Axe Handle Shock and Preventing Repetitive Stress Injury in Chopping

These are factors I know of that play a role in the amount of shock you absorb from your axe handle, such as chopping style, grip, handle rigidity, cutting ability and wood type.  These are the kinds of things that can allow a person cut more, longer and in harder wood without incurring numb sore hands, tendonitis, etc.   More text below.


Chopping with an axe is a high impact, high energy exercise.  As choppers, we necessarily absorb some of that energy since we are holding the tool.  There are a number of factors I know of which are important in the cause or prevention of repetitive stress injury or discomfort in chopping, most of them at least partially controllable. 

The axe should not be gripped very hard while chopping except as necessary in specific situations.  A hard grip unavoidably tires and stresses the hands, but it also creates a more efficient transfer of the energy from the vibrating axe handle back into the hands.  The Style of chopping is also important and interrelated to grip.  A heavy handed chopping style should be avoided.  Don't think of chopping as pushing or forcing the axe through the wood, but rather as whipping or throwing the axe head into the wood using the handle.  Pushing on the handle after the axe hits the wood adds little if any real power to the cut, but stresses the handle and the hands and probably sacrifices control to some extent.  You can cut plenty deep if you build velocity in the axe head before it hits the wood.  If the work is done before the axe hits the wood, then the grip is only to lightly control the axe after it strikes.

The handle of the axe, depending on it's thickness, density, inherent flexibility of the wood and probably other factors, will transmit more or less shock.  Thin handles transmit considerably less shock than thick ones do and tuning your handle or thinning it down is probably mentioned by authors writing about axes more often than not.  Older axes tend to have thinner handles than modern axes, and vintage axes, old photographs and older illustrations demonstrate this fact.  There is a reason that axe handles have become thicker, which is that they aren't actually used very much.  Most axes are now the equivalent of handbags for men, and are put to real use only infrequently for short periods of time.

If you cut into wood at an angle, usually around 45 degrees, it cuts more easily than if the cut is made at a right angle.  When cutting at 90 degrees the axe stops suddenly and more of the energy embodied in the head is transferred to your hands rather than cutting into the wood.  It's fine to cut at 90 degrees as needed, but generally a poor habit to get into on a regular basis.  Most axe work is done with cuts around 45 degrees for a reason.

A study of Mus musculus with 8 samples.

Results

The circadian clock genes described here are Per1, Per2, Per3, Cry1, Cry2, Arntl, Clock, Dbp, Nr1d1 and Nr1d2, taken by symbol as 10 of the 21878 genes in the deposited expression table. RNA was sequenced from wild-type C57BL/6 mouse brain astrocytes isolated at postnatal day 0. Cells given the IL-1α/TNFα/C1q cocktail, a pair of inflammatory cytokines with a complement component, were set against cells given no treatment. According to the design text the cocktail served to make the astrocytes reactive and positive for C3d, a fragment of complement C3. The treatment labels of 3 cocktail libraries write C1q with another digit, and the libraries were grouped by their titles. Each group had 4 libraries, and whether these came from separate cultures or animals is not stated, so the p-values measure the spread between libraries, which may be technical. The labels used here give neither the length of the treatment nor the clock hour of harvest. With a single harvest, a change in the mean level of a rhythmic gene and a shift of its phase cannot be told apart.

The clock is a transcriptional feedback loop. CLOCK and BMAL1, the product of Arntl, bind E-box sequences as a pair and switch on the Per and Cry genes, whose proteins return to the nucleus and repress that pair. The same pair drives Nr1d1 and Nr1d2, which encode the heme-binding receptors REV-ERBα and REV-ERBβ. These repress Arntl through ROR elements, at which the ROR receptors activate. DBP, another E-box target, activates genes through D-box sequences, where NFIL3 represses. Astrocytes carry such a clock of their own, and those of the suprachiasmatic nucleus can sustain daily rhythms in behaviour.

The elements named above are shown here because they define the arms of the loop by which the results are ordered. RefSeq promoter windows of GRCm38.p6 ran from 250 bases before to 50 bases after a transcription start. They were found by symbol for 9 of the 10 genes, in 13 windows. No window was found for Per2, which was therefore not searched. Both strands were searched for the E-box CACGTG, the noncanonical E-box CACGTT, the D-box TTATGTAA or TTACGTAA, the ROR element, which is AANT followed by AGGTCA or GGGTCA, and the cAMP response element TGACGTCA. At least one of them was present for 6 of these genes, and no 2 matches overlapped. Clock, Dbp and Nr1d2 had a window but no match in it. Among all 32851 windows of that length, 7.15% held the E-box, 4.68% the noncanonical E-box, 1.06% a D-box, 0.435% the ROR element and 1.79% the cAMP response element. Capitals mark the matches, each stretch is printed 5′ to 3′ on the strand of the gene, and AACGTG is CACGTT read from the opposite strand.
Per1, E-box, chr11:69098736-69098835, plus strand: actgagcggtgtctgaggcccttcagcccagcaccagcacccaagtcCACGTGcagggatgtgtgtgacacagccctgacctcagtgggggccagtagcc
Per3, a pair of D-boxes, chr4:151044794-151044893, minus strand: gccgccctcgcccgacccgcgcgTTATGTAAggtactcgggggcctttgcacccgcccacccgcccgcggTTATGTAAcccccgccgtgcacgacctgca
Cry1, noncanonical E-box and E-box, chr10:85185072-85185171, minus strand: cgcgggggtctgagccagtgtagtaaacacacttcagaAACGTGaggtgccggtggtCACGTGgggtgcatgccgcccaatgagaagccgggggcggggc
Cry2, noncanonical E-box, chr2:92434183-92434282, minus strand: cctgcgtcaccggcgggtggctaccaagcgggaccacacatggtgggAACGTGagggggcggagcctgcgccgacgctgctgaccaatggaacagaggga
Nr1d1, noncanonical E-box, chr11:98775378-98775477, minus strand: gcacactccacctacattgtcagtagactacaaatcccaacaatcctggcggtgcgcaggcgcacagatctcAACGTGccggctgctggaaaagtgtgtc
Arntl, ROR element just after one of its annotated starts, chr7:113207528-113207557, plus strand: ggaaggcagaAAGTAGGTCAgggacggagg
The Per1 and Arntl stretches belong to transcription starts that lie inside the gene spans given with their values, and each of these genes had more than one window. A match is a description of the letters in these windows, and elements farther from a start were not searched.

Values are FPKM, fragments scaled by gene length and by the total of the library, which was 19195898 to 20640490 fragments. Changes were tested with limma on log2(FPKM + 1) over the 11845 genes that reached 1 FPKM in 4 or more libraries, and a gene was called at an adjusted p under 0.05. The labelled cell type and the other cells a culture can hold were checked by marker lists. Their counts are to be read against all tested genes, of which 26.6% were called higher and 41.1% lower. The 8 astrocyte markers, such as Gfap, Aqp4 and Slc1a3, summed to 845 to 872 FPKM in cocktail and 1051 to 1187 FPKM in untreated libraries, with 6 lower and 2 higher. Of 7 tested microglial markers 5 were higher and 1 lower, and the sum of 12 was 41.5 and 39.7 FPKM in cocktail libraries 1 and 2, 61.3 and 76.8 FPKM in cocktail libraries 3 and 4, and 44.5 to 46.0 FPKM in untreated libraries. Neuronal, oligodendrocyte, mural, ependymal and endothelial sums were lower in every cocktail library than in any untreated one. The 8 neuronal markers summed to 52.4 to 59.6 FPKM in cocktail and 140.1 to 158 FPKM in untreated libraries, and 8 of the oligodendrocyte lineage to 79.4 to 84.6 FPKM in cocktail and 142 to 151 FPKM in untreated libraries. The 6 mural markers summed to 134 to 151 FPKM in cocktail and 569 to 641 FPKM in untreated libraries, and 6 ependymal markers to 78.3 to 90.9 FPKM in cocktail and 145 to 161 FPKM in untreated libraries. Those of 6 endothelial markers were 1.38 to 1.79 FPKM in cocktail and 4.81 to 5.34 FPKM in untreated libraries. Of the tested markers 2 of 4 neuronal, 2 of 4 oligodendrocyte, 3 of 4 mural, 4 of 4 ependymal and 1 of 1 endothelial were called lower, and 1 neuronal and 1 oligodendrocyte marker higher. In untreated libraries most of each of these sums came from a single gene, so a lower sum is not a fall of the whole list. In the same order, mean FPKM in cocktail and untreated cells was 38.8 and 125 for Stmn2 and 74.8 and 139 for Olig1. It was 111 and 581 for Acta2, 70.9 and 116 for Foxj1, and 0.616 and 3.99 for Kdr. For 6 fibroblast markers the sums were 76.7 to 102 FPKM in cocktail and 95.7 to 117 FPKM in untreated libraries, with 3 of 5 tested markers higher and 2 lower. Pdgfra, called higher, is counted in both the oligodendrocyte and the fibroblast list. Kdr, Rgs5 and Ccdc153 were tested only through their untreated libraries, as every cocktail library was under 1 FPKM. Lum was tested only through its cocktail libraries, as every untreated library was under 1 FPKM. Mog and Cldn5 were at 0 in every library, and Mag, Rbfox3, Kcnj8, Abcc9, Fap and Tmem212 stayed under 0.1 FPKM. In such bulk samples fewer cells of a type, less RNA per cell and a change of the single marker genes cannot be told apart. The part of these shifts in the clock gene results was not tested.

Another way to transfer a lot of the energy embodied in an axe head back up the handle and into your hands is to use an axe that is not cutting well for any number of reasons.  The axe must cut well and easily or it will stop suddenly causing more vibration.  Most axes as they come from the factory, nearly all in fact, require at least some reshaping to get them cutting well.  In most cases, a significant amount of metal needs to be removed from the sides of the axe near the bit in order for it to be able to slide easily into the wood.  It is often recommended to file the cheek of an axe in a fan shape, but that depends on the shape of the axe head to start with.

Finally, the wood plays a role.  When chopping hard dry wood, less of the energy from each blow of the axe is dissipated in cutting, whereas when cutting soft and green woods, the energy is dissipated gradually as the axe sinks deeply into the cut.  You may or may not be able to control what wood you end up cutting, but you can control other factors that cause or prevent the kind of handle shock and fatigue that might keep you from working or cause a longer term injury that will put you off of work for a while.  The stuff mentioned here is important if a person want's to be able to use an axe under varied conditions, on varied woods, for longer periods of time, on consecutive days.  What separates the men from the boys isn't being tough enough, young enough or dumb enough to tolerate a club of a handle or an axe that otherwise doesn't cut well, but to be wise enough to work smart and not hard.  If you are going to sit at your computer trying to breath life into your flaccid member to some freaky internet porn, or work your thumbs out pushing buttons on your t.v., remote then I guess maybe none of it matters all that much.  If you're going to dig, carry, lift, hammer, weed, process and otherwise use your hands, wrists and arms, you'll be able to do all of it more, and longer, day after day if you pay attention to these types of details.